Johnson, Richard

Most people seem to believe that sex offenders have a higher re-offending rate than any other category of criminal. A figure I hear tossed around a lot says that 95 percent of sex offenders will commit another sex crime if they get the chance.

If this is true, then it is evidence that most sex offenders — almost all of them — will continue to commit sex crimes. If this is true, then it means that most sex offenders can’t help their behavior. They will never change. They are beyond help.

If sex offenders really cannot and will not change, then society is justified in wanting to lock them up and throw away the keys. After sex offenders serve their time and get out of prison, it is right that they should be required to register on a database for the rest of their lives. Again, this sounds fine to me; at least, it would if that 95 percent re-offending rate was true.

It is not true. A study done by the U.S. Bureau of Justice in 1994 says so.

There were 9,691 male sex offenders released from prison in 1994, representing two-thirds of all sex offenders released from custody that year. This was not one of those studies where they interview 100 people and then stretch their conclusions to cover 100,000 people. This was an excellent study with a huge sample, whose conclusions can be trusted.

For those of you who might be interested and can read PDF files, I can e-mail you the entire 49-page study. Just e-mail me and ask for it. For those who may not have the time or inclination to wade through the whole thing, let me highlight a few of its conclusions.

First, only 5.3 percent, or 517 men, of released sex offenders tracked in the study were arrested again for another sex crime. Only 3.5 percent, representing two-thirds of those arrested, were convicted. While I absolutely agree that 3.5 percent is still 100 percent too many, it’s a whole lot smaller than that 95 percent figure so many of us throw around.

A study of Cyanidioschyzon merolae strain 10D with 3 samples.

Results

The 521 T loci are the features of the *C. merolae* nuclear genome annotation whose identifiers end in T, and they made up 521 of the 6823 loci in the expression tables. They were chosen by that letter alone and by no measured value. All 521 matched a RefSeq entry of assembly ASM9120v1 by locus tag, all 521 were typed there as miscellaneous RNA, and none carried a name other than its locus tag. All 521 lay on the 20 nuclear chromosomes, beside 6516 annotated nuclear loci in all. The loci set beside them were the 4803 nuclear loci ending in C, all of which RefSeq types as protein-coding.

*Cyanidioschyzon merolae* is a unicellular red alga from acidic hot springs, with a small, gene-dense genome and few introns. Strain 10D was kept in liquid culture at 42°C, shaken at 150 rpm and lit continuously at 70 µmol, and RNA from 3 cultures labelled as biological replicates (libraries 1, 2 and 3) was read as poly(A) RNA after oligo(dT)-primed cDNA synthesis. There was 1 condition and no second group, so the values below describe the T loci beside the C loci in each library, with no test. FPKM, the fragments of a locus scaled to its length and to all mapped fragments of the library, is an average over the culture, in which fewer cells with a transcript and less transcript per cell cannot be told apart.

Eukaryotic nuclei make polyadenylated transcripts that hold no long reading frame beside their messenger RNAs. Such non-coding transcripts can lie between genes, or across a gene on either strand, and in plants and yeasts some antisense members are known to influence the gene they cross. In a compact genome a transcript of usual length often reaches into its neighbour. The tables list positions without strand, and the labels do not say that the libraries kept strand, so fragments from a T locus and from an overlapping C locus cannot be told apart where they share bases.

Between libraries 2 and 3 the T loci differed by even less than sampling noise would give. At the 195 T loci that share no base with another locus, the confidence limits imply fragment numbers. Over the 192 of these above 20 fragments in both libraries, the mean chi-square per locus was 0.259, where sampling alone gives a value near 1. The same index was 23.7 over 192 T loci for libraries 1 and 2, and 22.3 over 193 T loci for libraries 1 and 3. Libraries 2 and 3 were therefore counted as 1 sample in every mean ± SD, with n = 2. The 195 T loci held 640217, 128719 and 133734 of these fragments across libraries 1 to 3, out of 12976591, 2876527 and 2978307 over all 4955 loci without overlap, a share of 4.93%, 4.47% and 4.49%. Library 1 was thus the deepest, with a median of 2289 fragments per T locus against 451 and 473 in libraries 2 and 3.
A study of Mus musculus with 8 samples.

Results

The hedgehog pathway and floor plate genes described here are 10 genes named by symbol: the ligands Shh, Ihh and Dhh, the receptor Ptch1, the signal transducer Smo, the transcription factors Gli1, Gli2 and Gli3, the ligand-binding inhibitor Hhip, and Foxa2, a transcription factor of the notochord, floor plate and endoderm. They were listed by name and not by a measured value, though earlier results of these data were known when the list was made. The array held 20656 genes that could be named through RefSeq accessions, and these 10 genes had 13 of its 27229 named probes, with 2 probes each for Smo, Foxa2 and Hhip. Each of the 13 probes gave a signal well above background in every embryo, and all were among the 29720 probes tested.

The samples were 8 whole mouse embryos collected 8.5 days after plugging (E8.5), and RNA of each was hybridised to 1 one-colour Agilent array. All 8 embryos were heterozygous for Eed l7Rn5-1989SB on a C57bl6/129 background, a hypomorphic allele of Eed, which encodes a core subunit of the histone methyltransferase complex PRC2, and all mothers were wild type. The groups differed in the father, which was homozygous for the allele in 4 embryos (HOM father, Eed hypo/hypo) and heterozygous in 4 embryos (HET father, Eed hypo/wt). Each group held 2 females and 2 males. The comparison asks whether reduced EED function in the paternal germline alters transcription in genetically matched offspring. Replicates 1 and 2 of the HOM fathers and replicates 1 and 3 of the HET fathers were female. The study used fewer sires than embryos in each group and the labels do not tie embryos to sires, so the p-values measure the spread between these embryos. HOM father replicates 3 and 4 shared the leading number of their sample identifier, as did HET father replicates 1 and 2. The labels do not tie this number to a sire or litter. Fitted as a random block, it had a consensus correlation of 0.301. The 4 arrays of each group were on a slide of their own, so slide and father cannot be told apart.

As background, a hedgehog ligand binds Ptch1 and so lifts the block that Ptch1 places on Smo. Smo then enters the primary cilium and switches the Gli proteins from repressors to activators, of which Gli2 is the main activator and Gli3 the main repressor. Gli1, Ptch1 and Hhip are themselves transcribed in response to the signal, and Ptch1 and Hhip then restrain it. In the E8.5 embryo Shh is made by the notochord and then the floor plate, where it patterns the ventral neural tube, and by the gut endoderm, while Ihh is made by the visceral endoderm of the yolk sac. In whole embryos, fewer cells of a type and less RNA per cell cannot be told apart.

The 9,691 men in the study included 4,295 child molesters. Of these, 3.3 percent, or 141 men, were arrested again for another sex crime involving a child; again, hardly 95 percent. Half of the child molesters were 19 years of age or younger when they committed their crime. And 60 percent of their victims were children 13 years of age or younger.

The study goes on to show that released pedophiles with more than one arrest for molesting a child were three times as likely — 7.3 percent to 2.4 percent — to be arrested again for child molesting than those with only one prior arrest. This seems to indicate that the sooner pedophiles are caught, the less likely they are to re-offend.

Finally, sex offenders (including child molesters) were less likely to be re-arrested for any kind of crime after their release than non-sex offenders — 43 percent for sex offenders versus 68 percent for non-sex offenders.

OK, we’ve got some figures and statistics to look at here, but so what? How does this help us prevent sex crimes? How does this help us stop sex offenders from re-offending? How can we find a way to reduce the number of victims, especially children, who are being abused by some very sick people?

For starters, if we’re going to reduce sex crimes, then we ought to have good intelligence and gather the best information possible. We need to understand the true nature and actual scope of the problem. We need to deal with facts, so we can develop a plan of action based on those facts. The figures given in this study help us get there.

As long as most people believe that 95 percent of sex offenders will re-offend; as long as too many of us think that sex offenders cannot and will not change; as long as we lump all sex offenders into one category and fail to take the exact nature of each offense into consideration; as long as we let our emotional responses to a truly heinous crime drive our public policy (especially our anger and outrage); and as long as we think that putting every sex offender into a public database will solve our problem: We will not be ready to craft an effective response to this tough and emotional issue.

Almost every day, someone asks me, “What can we do about sex offenders?” That’s too short a question, and the answer is quite long — too long for one column.

For the moment, let me just say that something can be done. Change is in the air, and a change in our overall approach is needed. But before we can start discussing solutions, we’ve got to get the rest of the facts out on the table.

In the weeks ahead, I will do my best to bring facts to this public forum in the hope that our community can find a reasonable and effective way to deal with sex offenses, and the people who commit them.

In the meantime, please don’t shoot the messenger.